Satyajit Ray considered Charulata (India, 1964) his masterpiece.
An historical piece about the forces of modernity in 19th century India, the story focuses on young Charu (Madhabi Mukherjee), the gifted and sensitive wife of an idealistic newspaper editor, Bhupati (Shaileen Mukherjee) who gives lip service to women’s rights yet neglects Charu (both emotionally and artistically) in his single-minded focus on his failing political paper. That neglect encourages her playful flirtations with her husband’s witty cousin Amal (Soumitra Chatterjee), a charming young man fresh from college, full of himself and ready to conquer the world as a writer.
Charu is a virtual prisoner of her social world, watching the life outside of the walls of her lavish prison longingly through opera glasses, like a performance she’s not allowed to become a part of. With her husband virtually absent, Amal becomes her everything: someone with whom she can exchange ideas, talk, flirt, feed, give presents, and finally fall in love.
Set in 1879, the tension between Western ideas and Eastern tradition is strong, grounded in everything from the dialogue to the déco. The poetic naturalism that made the Apu Trilogy so successful is more finely honed here, the frame carefully designed to observe the social and political boundaries through the personal experiences and interlaced relationships, mapped through the knowing exchange of glances and gestures. And Ray’s sensitivity is not limited to Charu, who feels betrayed by both men. As we see through Bhupati, even an intellectual is not beyond learning a little something about himself and the woman he professes to love.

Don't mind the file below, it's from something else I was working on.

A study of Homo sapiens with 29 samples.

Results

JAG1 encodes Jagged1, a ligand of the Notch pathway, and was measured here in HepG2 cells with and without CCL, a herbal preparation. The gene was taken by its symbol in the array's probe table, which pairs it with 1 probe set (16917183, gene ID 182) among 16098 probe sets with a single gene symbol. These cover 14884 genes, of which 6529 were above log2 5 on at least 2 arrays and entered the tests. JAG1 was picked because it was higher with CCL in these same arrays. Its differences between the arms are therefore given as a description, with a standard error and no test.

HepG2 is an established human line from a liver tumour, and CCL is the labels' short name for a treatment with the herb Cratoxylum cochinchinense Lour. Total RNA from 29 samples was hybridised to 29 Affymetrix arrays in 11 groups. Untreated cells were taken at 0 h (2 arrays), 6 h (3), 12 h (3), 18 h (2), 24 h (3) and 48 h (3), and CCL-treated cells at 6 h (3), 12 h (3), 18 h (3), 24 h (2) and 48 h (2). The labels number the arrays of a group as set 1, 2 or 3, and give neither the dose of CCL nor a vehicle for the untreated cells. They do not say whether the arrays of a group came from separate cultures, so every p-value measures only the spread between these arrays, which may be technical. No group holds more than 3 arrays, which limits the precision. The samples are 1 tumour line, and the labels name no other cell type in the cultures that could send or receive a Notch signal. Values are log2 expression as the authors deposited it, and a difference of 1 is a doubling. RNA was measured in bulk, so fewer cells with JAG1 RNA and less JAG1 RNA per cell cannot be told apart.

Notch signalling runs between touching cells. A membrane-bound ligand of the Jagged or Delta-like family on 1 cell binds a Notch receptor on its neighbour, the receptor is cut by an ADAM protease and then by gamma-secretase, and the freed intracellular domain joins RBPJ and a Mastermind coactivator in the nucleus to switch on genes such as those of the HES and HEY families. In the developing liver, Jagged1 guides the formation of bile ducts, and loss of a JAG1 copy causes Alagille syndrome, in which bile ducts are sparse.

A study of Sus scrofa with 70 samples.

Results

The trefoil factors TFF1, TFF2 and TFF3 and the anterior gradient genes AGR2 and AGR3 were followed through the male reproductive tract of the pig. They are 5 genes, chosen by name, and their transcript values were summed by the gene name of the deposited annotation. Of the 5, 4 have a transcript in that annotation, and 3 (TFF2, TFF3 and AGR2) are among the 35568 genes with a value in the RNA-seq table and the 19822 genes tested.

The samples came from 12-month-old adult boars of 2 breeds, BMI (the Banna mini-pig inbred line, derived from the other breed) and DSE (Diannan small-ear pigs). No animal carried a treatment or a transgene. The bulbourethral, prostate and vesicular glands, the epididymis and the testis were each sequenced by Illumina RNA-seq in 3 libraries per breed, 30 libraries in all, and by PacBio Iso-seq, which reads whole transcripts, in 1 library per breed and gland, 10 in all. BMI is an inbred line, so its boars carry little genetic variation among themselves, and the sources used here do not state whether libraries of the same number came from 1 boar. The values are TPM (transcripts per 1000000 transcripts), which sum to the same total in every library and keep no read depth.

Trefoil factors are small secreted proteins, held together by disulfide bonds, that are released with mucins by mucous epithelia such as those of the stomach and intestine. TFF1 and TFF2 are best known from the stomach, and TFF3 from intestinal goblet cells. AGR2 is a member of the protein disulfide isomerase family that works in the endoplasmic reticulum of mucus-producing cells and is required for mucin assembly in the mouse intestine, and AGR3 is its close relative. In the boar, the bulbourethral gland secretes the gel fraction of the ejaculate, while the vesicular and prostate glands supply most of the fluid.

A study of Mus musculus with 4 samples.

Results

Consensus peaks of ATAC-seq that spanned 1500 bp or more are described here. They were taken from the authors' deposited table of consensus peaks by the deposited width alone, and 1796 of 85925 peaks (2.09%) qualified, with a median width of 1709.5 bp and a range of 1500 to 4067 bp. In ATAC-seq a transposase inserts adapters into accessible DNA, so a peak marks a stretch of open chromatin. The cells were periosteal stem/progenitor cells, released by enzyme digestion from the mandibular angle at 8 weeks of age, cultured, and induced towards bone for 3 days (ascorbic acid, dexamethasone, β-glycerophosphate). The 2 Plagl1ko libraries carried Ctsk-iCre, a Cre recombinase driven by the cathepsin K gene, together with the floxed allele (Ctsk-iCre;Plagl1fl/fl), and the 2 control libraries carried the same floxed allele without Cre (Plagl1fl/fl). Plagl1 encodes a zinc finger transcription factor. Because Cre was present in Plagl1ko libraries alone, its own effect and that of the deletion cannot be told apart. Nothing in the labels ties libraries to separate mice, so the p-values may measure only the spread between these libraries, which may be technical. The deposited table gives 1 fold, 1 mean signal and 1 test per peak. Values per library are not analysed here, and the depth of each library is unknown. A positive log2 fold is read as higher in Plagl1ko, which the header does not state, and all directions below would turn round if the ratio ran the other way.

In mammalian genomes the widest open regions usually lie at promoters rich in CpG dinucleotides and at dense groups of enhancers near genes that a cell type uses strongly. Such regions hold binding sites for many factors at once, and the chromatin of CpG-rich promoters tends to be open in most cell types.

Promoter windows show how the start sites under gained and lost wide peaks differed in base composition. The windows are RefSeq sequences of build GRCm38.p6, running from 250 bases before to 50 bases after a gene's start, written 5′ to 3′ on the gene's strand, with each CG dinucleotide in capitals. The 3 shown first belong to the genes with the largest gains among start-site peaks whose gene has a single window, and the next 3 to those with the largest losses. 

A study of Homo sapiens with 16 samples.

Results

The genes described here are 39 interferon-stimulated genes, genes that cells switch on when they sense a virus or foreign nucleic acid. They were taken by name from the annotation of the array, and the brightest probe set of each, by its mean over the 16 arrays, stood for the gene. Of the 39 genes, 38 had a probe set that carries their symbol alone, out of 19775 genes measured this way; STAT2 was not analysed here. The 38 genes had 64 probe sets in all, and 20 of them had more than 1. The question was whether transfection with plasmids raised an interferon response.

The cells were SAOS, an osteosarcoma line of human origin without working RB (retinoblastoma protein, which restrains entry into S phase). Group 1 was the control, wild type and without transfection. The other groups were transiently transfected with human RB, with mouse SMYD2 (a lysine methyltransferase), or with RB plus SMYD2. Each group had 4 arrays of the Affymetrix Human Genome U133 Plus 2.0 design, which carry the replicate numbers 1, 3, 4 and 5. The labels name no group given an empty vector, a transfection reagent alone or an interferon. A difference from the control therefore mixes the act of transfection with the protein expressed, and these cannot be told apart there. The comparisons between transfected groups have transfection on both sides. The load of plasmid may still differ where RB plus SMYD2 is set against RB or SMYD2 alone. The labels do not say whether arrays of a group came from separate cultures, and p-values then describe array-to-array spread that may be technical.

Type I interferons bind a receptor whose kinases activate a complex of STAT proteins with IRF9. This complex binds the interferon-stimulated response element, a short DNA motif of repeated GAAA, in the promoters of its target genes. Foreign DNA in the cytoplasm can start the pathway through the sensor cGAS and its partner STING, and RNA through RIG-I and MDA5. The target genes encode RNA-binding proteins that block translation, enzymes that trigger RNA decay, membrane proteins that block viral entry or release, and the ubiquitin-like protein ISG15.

Black and white, in Bengali with English subtitles
Charulata (Criterion Collection) [DVD]
On Blu-ray and DVD from the Criterion Collection, mastered from a 2k digital restoration from RDB Entertainments in India, in Bengali with a new English subtitle translation. It features new interviews with actors Madhabi Mukherjee and Soumitra Chatterjee, the interview featurette “Adapting Tagore” with Indian film scholar Moinak Biswas and Bengali literature historian Supriya Chaudhuri, an archival audio interview with director Satyajit Ray by film historian Gideon Bachmann, and booklet with an essay by critic Philip Kemp and a 1980s interview with Ray by his biographer Andrew Robinson.